Safari Under Our Feet

Photo: Courtesy of Tomislav Tatić

They are certainly not the cutest creatures, and it is true that they can cause a lot of fear and distress in many, despite their size. It is an understatement that they are often unwanted guests in our homes, and encounters with them could end up in discomfort and pain.

Still, Tomislav Tatić finds none of the above true, rather fascinating creatures that provide an inexhaustible inspiration source. Observing them through his camera lens, Tatić noticed that every piece of grass is an exotic oasis of biodiversity and that the bugs we meet every day are much more interesting when we take a closer look. Here is what he said about his unusual models and his journey through this small yet huge world.

EP: What is macro photography, and when did you start with it?

Tomislav Tatić: Macro photography is a particular type of high magnification photography. When you take a macro picture of something that is otherwise micro, only then can you see all the things invisible to the naked eye, mobile phones, and other cameras. My interest in photography started in my teenage days when I got my first serious camera as a gift. In the years that followed, photography was a hobby, occupying every second of my spare time. It was a period when I was finding myself. Even then, I was attracted to macro photography, but it is so specific and requires more professional, and thus more expensive equipment, so it took me a little longer to buy it. I would like to point out the last year as a concrete and serious macro photography period.

EP: Why did you choose bugs (insects)?

Tomislav Tatić: I desire to bring people closer to these creatures around us since they are mostly “afraid” of them, but in fact, they have never really seen them. That fear is mostly unjustified, so I want to show that these creatures are fascinating and that we have no reason to be afraid of them. People are always striving for something far away. They are interested in going on a safari, to the zoo, water worlds… And they are not even aware of what kind of biodiversity they have exactly under their feet. To some extent, I understand that because when tourists come to Belgrade, they usually take selfies at the Pobednik monument (The Victor), and it would be really difficult to find a citizen of Belgrade with such a picture. I don’t think I have to travel to the other side of the world to find interesting animals I can photograph, because I have them on my lawn or in a nearby canal. Macro photography has opened up a whole new universe for me, hitherto unexplored. We have the exotic on our doorstep, only if we take a closer look.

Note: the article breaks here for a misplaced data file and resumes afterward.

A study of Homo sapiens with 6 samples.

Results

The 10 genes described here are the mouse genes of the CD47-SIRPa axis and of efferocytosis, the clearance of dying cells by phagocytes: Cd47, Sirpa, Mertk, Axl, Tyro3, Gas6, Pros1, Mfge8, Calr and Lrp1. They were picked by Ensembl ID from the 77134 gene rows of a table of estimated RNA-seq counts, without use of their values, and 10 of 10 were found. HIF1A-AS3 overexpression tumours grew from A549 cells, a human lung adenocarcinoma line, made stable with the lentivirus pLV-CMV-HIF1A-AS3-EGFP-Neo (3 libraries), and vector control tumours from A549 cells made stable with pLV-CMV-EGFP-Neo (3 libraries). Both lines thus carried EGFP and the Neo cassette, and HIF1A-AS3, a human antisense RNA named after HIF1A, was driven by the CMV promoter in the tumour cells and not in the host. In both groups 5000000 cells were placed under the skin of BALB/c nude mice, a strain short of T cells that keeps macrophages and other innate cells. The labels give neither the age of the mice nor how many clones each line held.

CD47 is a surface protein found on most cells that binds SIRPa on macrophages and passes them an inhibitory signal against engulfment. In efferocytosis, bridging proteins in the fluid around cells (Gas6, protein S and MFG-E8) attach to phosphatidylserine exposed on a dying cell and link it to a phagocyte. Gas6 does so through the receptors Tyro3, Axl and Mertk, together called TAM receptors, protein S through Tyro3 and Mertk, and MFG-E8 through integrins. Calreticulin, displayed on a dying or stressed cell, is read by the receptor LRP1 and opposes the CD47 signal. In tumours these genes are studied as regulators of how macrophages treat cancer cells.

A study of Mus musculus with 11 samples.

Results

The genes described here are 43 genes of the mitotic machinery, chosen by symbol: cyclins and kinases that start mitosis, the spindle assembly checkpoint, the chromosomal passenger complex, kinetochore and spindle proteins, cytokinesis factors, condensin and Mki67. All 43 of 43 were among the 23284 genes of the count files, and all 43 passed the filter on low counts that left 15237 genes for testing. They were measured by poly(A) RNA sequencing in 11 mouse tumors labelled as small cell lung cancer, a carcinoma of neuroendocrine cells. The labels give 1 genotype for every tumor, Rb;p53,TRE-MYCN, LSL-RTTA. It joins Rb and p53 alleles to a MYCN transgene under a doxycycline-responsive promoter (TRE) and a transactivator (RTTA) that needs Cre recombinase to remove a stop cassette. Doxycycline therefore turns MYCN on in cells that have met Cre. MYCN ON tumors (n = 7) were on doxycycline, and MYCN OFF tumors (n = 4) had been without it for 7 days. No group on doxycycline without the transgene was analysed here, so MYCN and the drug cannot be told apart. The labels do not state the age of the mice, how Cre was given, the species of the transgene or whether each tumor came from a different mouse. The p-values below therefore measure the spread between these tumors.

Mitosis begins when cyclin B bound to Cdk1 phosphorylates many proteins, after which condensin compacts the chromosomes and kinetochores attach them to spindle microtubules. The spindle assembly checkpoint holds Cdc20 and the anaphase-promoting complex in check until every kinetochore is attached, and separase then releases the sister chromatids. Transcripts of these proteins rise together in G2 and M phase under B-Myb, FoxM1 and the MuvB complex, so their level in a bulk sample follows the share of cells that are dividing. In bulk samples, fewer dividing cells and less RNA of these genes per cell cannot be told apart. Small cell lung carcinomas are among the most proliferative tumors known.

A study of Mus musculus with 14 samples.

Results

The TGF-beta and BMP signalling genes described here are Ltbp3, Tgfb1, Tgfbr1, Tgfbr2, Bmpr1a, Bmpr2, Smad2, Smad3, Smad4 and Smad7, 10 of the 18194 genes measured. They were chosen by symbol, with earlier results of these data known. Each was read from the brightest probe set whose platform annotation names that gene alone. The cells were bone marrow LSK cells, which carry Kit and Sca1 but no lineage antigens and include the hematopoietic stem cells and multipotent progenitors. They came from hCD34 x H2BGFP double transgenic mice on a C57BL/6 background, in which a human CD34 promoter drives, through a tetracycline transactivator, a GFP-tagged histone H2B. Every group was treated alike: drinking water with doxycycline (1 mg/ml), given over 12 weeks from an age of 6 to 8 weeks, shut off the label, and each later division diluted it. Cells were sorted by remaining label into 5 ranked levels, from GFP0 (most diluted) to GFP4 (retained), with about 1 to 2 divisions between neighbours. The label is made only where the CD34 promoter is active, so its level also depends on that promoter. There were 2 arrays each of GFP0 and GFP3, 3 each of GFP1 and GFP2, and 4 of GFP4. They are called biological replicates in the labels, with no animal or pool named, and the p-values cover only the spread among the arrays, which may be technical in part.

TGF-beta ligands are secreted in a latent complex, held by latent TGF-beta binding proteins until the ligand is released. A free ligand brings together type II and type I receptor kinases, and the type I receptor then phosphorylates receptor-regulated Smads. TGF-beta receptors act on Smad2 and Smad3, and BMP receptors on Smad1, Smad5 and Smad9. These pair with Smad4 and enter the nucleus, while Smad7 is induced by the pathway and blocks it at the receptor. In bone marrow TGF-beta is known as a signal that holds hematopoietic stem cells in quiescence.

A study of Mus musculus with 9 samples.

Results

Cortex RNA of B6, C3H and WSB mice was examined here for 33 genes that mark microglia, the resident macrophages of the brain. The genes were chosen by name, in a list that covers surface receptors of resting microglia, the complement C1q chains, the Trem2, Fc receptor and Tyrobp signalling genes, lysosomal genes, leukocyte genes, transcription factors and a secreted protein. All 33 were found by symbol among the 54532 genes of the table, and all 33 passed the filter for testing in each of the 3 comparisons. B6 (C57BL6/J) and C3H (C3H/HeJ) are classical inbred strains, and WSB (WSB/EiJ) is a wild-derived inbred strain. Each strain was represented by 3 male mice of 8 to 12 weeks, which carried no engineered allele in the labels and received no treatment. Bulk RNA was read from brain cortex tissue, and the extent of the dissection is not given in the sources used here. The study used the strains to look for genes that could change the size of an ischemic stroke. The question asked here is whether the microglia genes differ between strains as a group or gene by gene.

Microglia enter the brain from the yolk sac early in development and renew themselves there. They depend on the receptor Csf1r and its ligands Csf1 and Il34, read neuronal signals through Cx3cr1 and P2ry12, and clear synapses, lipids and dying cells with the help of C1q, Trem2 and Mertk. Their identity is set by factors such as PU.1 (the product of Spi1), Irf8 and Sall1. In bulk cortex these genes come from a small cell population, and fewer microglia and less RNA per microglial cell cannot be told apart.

Photo: Tomislav Tatić

EP: How do you choose what to shoot?

Tomislav Tatić: Sometimes bugs pick me. For example, I wake up in the morning, fix some coffee and go out on the balcony, and a sweet spider is waiting for me, weaving a web on a tree in the yard during the night. If that’s not the case, I choose bugs that I haven’t photographed too often before. The environment is also important, and so is the background. If I were painting big animals, I wouldn’t move an elephant to make the background more beautiful. It’s the same with bugs; it doesn’t matter that they are small. I love when they are in a natural environment and look after their business. Sometimes the beetle is beautiful, but the environment is not, so that’s not it. There are other situations when the bugs I shoot are simply not in the mood to pose at that moment.

Interviewed by: Danijela Isailović

Read the story in the new issue of the Energy portal Magazine ELECTROMOBILITY.